The tomato thief

While August here on the blog brought a delightful journey through friends’ gardens, my own garden had some lessons to teach me. I have a volunteer tomato plant that surprised me earlier this summer. I first spotted it growing up along some hedges, and I thought, “What kind of weed has sprung up now?” As I got closer, I thought (and hoped), “Is that a tomato plant?” As soon as I smelled it, I knew.

I staked it, and it has been producing tomatoes for several weeks. Other than a little water from time to time and an additional stake or two, I’ve done very little tending of it.

Three weeks ago, I checked to see if any of the tomatoes were ripe enough to pick. I noticed a chewed leaf and then a partially gnawed tomato. I thought, “Hungry caterpillar,” and began my search. I pulled back when I saw this:


Yikes! That’s creepy looking.

I tried to pull it from its perch, not sure if the stinger at the end worked or not. It clung to the vine with a grip surprising even for its size (about three and a half inches long).

Did I mention that it also had a green tomato entirely stuffed in its mouth? I grew up reading Eric Carle’s The Very Hungry Caterpillar, and a brief internal debate ensued. Caterpillars are cute. They deserve to eat, too. It has a whole tomato stuffed in its mouth and doesn’t look like it plans to stop at just one. Kill it.

You should understand this: the voices in my internal debate sounded a lot like my mom (the gardener who would show no mercy to pests) and my dad (the insect and arachnid pacifist who tried to teach us the benefits of all creatures, even the black widow spiders he would occasionally relocate to the woods instead of smashing like most of us would).

My attempts to knock the beastie off the plant wounded it, but I ended up breaking off the stem it was on. I left it in the driveway to go inside and make sure I wasn’t about to kill an endangered banded emerald emperor caterpillar (I totally made that up, but Google it, and you’ll see plenty of fun caterpillar and butterfly images).

The internet came back with an immediate answer: “Tomato hornworm. Kill it!” So I did. Eventually.

I didn’t want to step on it because, bleh, so much green slime on my shoe. I jabbed it with a stick until the stick broke. I found another stick that eventually worked its way through the tough, leathery hide. (Sorry, Dad.)

The next evening, my husband and I went caterpillar hunting. Sure enough, there was another tomato hornworm with its mouth around another green tomato. My husband tried to pull the caterpillar from the vine (after asking about the stinger). He wounded it a little in the effort but couldn’t get it loose from the vine.


My husband had discussed these pests with the resident expert gardener at work earlier that day, and so he walked inside for a bucket of soapy water to get the hornworm off the vine and into the afterlife.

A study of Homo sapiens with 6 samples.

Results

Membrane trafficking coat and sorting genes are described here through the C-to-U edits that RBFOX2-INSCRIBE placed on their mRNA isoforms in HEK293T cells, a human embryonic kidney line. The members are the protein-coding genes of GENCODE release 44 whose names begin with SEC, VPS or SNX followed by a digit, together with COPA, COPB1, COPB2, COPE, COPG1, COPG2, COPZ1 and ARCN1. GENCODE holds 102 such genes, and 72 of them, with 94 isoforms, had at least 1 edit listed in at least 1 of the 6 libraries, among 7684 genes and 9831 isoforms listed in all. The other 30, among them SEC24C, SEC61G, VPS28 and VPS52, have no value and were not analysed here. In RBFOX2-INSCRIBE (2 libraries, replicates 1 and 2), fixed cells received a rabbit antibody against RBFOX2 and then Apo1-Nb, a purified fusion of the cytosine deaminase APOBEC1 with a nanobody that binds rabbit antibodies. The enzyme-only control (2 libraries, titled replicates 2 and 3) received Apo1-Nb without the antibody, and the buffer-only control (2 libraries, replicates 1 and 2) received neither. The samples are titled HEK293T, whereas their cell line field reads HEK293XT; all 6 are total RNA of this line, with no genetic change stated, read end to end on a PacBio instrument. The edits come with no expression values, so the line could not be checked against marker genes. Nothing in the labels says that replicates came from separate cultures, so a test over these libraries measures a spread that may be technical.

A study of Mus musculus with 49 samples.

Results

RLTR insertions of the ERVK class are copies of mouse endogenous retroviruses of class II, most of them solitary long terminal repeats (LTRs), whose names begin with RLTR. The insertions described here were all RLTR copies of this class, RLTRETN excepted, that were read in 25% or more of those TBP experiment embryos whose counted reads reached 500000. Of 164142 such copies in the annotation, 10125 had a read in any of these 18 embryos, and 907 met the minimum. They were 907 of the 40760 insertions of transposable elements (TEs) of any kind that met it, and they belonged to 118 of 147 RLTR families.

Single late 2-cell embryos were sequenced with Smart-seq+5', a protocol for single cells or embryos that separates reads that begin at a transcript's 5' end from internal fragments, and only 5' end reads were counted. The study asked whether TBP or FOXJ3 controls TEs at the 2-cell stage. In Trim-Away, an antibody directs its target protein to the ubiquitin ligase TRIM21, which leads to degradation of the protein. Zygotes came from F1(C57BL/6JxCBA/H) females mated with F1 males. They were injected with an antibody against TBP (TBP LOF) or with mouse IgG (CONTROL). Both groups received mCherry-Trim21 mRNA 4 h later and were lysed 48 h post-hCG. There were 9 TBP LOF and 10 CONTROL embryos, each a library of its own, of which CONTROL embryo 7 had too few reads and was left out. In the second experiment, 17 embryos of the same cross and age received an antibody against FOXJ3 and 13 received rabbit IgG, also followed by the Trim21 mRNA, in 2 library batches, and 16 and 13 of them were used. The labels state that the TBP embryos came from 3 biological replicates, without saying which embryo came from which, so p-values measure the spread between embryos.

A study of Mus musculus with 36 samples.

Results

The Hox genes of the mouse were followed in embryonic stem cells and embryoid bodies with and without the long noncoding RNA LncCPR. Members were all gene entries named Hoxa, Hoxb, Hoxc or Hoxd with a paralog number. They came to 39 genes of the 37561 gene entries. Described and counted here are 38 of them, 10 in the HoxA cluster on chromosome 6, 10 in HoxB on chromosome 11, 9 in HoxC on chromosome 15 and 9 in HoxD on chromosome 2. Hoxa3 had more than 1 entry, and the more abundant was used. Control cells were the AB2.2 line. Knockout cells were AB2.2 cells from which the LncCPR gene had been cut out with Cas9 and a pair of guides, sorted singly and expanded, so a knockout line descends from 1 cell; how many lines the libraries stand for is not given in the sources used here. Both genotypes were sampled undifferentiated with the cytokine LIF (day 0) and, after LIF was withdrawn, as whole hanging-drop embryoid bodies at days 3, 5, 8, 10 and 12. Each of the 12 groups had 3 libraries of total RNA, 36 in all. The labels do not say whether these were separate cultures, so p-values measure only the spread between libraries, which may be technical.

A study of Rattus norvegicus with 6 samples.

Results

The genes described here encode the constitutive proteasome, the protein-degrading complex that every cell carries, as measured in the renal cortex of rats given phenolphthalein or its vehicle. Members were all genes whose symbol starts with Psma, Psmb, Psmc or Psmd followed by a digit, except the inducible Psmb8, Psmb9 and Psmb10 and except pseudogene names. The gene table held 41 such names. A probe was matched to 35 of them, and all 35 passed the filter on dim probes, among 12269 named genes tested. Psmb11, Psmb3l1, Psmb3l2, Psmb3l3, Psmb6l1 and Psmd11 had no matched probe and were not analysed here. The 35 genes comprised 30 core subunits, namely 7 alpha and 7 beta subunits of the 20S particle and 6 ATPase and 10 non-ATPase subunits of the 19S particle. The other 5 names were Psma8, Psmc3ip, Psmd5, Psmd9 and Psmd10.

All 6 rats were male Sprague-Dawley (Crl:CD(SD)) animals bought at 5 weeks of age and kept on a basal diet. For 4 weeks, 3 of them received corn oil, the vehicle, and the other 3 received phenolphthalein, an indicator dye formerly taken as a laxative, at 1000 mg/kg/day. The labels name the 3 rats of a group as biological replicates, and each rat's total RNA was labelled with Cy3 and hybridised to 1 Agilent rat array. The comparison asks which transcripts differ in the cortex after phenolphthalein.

In the meantime, two hover flies—possibly alerted to the hornworm’s presence because of its wound—began an attack. They will lay eggs in the hornworm, and the larvae eventually kill the host. Letting that happen means keeping the hornworm alive long enough for the larvae to hatch, though. But the more hover flies you have, the fewer hornworms you have.

We watched, soapy water waiting, as the hornworm fought off the hover flies. They left, and my husband and I discussed whether to leave the hornworm alive in a dish to see if hover fly larvae would appear.

We didn’t have to make that decision, though, as the next visitor would be the one to kill the hornworm.


A yellow jacket begins its attack. Notice the tomato in the hornworm’s mouth.

A battle ensued. The hornworm used its body to bat away the yellow jacket, but slowly, slowly, the yellow jacket began to win. The hornworm never let go of the tomato and only toward the end began backing down the stem it was on.


The yellow jacket plans its next move.


Determined to keep its tomato


Toward the end (photo by C. Squires)


The yellow jacket heads again for a vulnerable spot on the hornworm. (photo by C. Squires)

That weekend, my husband and I headed out to a nursery. I had read online that marigolds near tomato plants bring beneficial insects to prey on hornworms. I love marigolds, and now the tomato plant has four marigolds guarding it.


We also have a black light to search for the hornworms at night. They are the exact color of tomato vines during the day but glow a different color in black light. So far, I haven’t found any using the black light.

Birds and squirrels are picking off the occasional tomato, but at least the plant is still there, and I’m still getting tomatoes from it.


More tomatoes than ever

For a volunteer, the tomato plant is a delightful gift. The least I can do in return is tend it and protect it as carefully as possible. And, remembering the story of Jonah and the vine, I can’t be too grumpy if the worm wins.

Have you ever had to battle tomato hornworms? What other beasties have you discovered in your yard this summer?

2 thoughts on “The tomato thief

  1. My mom has battled the tomato hookworm all summer, to no avail. And I’ve dealt with cucumber pickleworms all summer. This has been a bad year for produce beasties in our gardens.

    • That sounds terrible. Cucumber and tomato is one of my favorite summertime sandwiches, and between you and your mom, it sounds like they wouldn’t be plentiful right now. I’ve never heard of cucumber pickle worms, but then again, I’ve never tried to grow cucumbers. From what I hear, tilling the soil where you plan to grow tomatoes the following season can help dig up the overwintering pupae and help abate the problem the following year. I wish you and your mom better luck next year.